Most divorces proceed on the basis of no-fault or irretrievable breakdown of the marriage based on mutual consent after ninety days or two year separation, however, fault grounds for divorce can still be utilized. Under 23 Pa CS 3301(a), the fault grounds for divorce are listed and include(1) desertion for the period of one or more years; (2) adultery; (3) cruel and barbarous treatment; (4) bigamy; (5) imprisonment for a term of two or more years; and (6) indignities to the point of life being intolerable and burdensome. The party alleging fault must prove its existence and must also establish they are the “innocent and injured spouse.” 

23 Pa CS 3301(b) discussing another ground for divorce infrequently used: institutionalization. This provision allows a divorce on the ground that insanity or serious mental disorder has resulted in the other spouse’s confinement in a mental institution for at least 18 months without reasonable prospect the spouse will be discharged. “A presumption that no prospect of discharge exists shall be established by a certificate of the superintendent of the institution to that effect and which includes a supporting statement of a treating physician.” There is often no benefit to pursuing fault grounds for divorce over no-fault grounds as fault is not a factor to be considered in equitable distribution (division of property). However, the laws of support do address fault grounds in two instances: as a defense to paying spousal support and as a bar to receiving alimony.


If notice is properly given and no objection is received, it is presumed the other parent consents to the relocation. The party seeking relocation would simply need to file a petition for confirmation of relocation. If the other parent objects, a hearing would need to be held prior to the relocation. Section (h) goes into detail about the factors for the court to consider when making a custody determination pursuant to proposed relocation. The party proposing the relocation has the burden of establishing that the relocation will serve the best interest of the child(ren) under the factors listed. Both parties have the burden of establishing an appropriate motive in seeking to relocate or opposing the relocation.


The available methods to have a driver’s license reinstated mirror those that could prevent a suspension in the first place. They include paying the past due amount, entering into a court-approved payment plan or being excused from the obligation. A driver’s license is not the only license subject to suspension. The court also has the authority to suspend recreational licenses issued by the Pennsylvania Game Commission as well as licenses issued by the Fish and Boat Commission. There is no right to appeal an order suspending a license. The only option is to petition the court that ordered the suspension for relief. Additionally, car insurers are prohibited from taking adverse actions, such as increased premiums or rate penalties, if a suspension occurs under 23 Pa C.S. 4355.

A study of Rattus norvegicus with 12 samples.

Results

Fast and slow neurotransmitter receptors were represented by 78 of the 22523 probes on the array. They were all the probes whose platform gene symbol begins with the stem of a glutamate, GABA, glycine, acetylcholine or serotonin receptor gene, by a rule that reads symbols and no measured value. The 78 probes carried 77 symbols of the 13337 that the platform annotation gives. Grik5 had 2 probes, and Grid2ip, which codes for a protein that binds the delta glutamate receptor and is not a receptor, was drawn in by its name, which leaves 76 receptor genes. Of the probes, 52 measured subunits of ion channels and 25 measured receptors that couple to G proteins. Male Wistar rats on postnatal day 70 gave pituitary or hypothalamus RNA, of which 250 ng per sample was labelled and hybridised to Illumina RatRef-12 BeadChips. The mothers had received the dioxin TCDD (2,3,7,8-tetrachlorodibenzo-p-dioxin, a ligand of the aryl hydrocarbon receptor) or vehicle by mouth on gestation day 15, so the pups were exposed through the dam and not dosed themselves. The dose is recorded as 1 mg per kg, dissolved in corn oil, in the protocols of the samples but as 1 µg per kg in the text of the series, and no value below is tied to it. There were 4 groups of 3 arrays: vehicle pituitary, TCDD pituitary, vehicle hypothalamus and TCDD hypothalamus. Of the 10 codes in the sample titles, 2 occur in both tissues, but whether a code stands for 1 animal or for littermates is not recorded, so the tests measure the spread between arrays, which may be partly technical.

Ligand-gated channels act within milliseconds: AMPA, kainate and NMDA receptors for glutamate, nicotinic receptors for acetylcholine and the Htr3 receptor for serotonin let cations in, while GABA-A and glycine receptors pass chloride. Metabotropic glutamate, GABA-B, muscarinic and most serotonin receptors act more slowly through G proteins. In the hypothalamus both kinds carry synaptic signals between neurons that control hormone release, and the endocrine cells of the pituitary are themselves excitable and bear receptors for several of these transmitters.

Based on the Fox decision which demands strict compliance with the PFA statute, a person seeking a PFA will be required to go before a Judge after filing the petition in order for a brief hearing to be held. This is required in order to safeguard the defendant’s due process rights. According to the Superior Court, those due process rights are not met unless the court takes the time to question the moving party as to the truth of their petition. Arguably, having the moving party appear before a Judge and be sworn in reduces the likelihood that they will make exaggerated or false allegations of abuse. Additionally, the hearing gives the Judge the opportunity to view the demeanor of the moving party and determine his or her credibility as well as see first-hand any physical evidence of abuse. The only exception the court will recognize to this requirement of an ex parte hearing is if there are exigent circumstances and the moving party is unable to appear.


In order to continue to receive benefits after the death of the servicemember, a Survivor Benefit Plan (SBP) must be in place. The plan is available if both parties elect it and pay the required premium. It will allow the spouse to continue to receive retired pay post-death of the servicemember. The surviving spouse is entitled to 55% of the retired pay received by the retiree. To ensure the spouse receives the SBP as a former spouse, you must complete a deemed election specifying that the spouse will be named as a former spouse under the SBP within one year of the dissolution of the marriage.